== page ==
This is going to be a fun one for many STH readers. We have reviewed 8x and 10x GPU servers (PCIe) for many years on STH. The ASUS ESC8000A-E11 is built a bit differently than other options, which makes it a fascinating design to look at. This server has space for two double-width PCIe Gen4 accelerators, two AMD EPYC CPUs, and additional expansion. This server was also just announced this week at NVIDIA GTC 2021 so this is absolutely a brand new server on the market (we did not cover that announcement since this review was forthcoming.) Let us get to our review so we can start taking a look at how these systems are made.
ASUS ESC8000A-E11 Hardware Overview
For this review, we are going to take a look at the exterior of the server, then the interior. As a fun note here, I got a new lens the day before this review was published so all of these photos were re-shot on the Canon 50mm f/1.2L. Years ago STH photos were all done on a 50mm lens, and I wanted to try a review using the same focal length.
ASUS ESC8000A-E11 External Hardware Overview
The front of the server is nothing short of fascinating. This is a 4U system, and there are some distinctive ASUS features here. The top is an area designed for expansion and customization. The bottom has I/O and is designed for airflow. The middle incorporates 8x 3.5″ drive bays.
The 3.5″ drive bays can be SAS, SATA, or NVMe depending on how the backplane is configured. One can also use an adapter to fit 2.5″ drives into this 3.5″ drive tray.
Another feature that is really interesting is that we have normal power and reset buttons on the front. What is a bit more unique is that we have the Q Code LCD that shows the POST status codes. There is also a USB and a VGA port. This system is designed to be serviced by a technician through a cold aisle. In racks where there are 10 of these systems each using 3kW+ it is usually much more pleasant to service from the cold aisle versus the hot aisle.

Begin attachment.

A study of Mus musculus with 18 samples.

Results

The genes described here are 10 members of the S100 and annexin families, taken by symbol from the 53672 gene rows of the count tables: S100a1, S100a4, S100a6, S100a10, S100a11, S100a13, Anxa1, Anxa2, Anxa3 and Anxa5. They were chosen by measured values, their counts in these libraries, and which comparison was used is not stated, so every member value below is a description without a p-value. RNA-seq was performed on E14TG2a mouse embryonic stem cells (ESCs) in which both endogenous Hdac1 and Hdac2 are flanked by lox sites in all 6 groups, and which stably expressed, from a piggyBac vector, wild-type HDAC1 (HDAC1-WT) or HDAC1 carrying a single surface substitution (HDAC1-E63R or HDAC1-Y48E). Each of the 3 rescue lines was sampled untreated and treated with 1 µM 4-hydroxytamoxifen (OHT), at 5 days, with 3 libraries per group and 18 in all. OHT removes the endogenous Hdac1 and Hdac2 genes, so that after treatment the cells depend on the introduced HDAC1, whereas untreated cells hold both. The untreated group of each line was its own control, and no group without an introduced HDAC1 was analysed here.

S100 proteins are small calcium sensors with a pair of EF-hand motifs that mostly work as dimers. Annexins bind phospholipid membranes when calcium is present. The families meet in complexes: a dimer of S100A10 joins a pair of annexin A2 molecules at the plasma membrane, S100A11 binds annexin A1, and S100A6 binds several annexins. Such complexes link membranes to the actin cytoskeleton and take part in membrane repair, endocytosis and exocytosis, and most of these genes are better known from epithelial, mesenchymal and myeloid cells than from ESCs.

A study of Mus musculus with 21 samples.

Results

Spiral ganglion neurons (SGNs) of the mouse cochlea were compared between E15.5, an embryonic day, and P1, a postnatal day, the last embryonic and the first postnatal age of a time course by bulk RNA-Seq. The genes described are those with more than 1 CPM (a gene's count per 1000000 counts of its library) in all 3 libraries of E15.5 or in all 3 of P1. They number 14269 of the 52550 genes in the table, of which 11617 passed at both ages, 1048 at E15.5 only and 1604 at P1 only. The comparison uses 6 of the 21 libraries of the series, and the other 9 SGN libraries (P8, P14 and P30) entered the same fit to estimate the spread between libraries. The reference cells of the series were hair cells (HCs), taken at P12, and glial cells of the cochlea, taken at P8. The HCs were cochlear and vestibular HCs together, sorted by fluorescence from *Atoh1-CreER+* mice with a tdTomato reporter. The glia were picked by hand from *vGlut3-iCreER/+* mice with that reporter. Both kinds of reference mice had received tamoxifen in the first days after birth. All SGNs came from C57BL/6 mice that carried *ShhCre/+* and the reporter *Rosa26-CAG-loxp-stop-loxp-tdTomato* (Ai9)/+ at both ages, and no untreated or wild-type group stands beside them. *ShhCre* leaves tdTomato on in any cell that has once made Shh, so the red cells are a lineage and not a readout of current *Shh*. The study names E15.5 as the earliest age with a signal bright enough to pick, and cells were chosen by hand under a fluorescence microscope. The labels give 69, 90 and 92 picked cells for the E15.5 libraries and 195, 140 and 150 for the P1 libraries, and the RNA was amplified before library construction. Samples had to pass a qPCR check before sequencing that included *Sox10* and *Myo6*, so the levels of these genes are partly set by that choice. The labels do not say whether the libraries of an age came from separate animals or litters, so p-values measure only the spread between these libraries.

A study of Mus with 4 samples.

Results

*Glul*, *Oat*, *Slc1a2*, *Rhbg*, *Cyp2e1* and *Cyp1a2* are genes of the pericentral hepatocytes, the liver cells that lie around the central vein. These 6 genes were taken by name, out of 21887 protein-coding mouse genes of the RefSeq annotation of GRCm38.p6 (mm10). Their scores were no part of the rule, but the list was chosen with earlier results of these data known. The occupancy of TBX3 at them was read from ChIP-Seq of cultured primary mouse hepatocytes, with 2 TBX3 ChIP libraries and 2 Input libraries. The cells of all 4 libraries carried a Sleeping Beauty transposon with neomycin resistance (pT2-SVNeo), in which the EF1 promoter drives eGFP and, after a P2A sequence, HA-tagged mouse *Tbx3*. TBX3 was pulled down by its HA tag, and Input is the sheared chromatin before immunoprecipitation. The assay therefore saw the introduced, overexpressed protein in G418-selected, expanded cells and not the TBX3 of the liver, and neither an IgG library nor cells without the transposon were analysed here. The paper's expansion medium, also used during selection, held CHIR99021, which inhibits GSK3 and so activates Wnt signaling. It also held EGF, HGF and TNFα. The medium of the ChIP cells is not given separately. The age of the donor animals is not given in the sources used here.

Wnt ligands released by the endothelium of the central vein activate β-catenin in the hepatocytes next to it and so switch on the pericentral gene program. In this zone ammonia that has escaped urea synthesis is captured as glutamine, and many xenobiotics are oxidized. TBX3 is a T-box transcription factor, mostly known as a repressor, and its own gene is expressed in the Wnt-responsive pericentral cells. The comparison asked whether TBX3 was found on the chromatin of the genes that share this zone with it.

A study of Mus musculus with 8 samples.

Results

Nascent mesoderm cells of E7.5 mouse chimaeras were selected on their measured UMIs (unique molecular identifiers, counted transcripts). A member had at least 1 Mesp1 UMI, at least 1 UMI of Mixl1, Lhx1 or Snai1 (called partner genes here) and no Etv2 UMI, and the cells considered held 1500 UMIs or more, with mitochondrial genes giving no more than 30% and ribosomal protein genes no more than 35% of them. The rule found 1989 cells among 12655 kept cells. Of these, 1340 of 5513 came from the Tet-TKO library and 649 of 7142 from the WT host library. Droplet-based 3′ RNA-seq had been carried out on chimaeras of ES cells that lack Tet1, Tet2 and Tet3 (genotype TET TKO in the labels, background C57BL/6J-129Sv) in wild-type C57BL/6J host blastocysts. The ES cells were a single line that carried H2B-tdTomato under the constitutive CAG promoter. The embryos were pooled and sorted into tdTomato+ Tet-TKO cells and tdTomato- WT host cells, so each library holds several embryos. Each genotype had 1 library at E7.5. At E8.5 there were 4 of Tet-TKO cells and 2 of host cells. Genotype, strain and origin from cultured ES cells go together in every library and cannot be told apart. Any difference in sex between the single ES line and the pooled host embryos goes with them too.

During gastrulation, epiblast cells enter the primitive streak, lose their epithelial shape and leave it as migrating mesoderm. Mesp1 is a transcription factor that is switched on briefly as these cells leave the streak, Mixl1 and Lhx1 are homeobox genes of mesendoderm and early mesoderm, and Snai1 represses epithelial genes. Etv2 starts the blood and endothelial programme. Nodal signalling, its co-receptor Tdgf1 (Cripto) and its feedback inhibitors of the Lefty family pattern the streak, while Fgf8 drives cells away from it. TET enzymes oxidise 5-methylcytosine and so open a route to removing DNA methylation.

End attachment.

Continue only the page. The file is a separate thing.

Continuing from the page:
Another feature you may have spotted is that there are two sets of two fans. These fans are specifically there to cool the AMD EPYC CPUs that we will discuss more during our internal overview.
The top section in our test system has a PIKE II card providing SAS connectivity. One can see that the system has additional mounting points along the front for different functions that we do not have, but we will show an example of a M.2 carrier in our internal overview.
The expansion slot on the front is a PCIe Gen4 x16 slot with an x8 link. This matches well with a HBA or RAID controller like the PIKE SAS 3008-8i solution.
This system is very rear-heavy when configured, and this shot shows why. The rear of this system is dedicated to expansion slots and power supplies.
There are four power supplies. Each is an 80Plus Titanium unit that can put out up to 3kW in the 220V-240V range. This design gives a great level of power redundancy to the system.
We have recently gotten some requests to show how these PSUs are connected. Here is a look into an empty PSU slot so you can see the connector as well as the perforated backplane, designed to allow air to pass through the PCB and through the PSU.
Here is a quick shot of the power distribution board.
Aside from power, there are 10x PCIe expansion slots in the rear of the system to go along with the PIKE slot on the front. Eight of these PCIe Gen4 x16 slots are double-width for GPUs.
On the bottom left of this area we have a NIC in a low-profile slot along with a management port.
One can see this assembly is relatively easy to service by unscrewing the thumb screw and pulling the assembly out from the chassis. The management NIC is on another PCB on this tray as well.
The other slot is a full-height expansion slot.
This extends for another PCIe Gen4 x16 full-height slot.
Of course, the real magic happens inside, and so let us get to the internal hardware overview.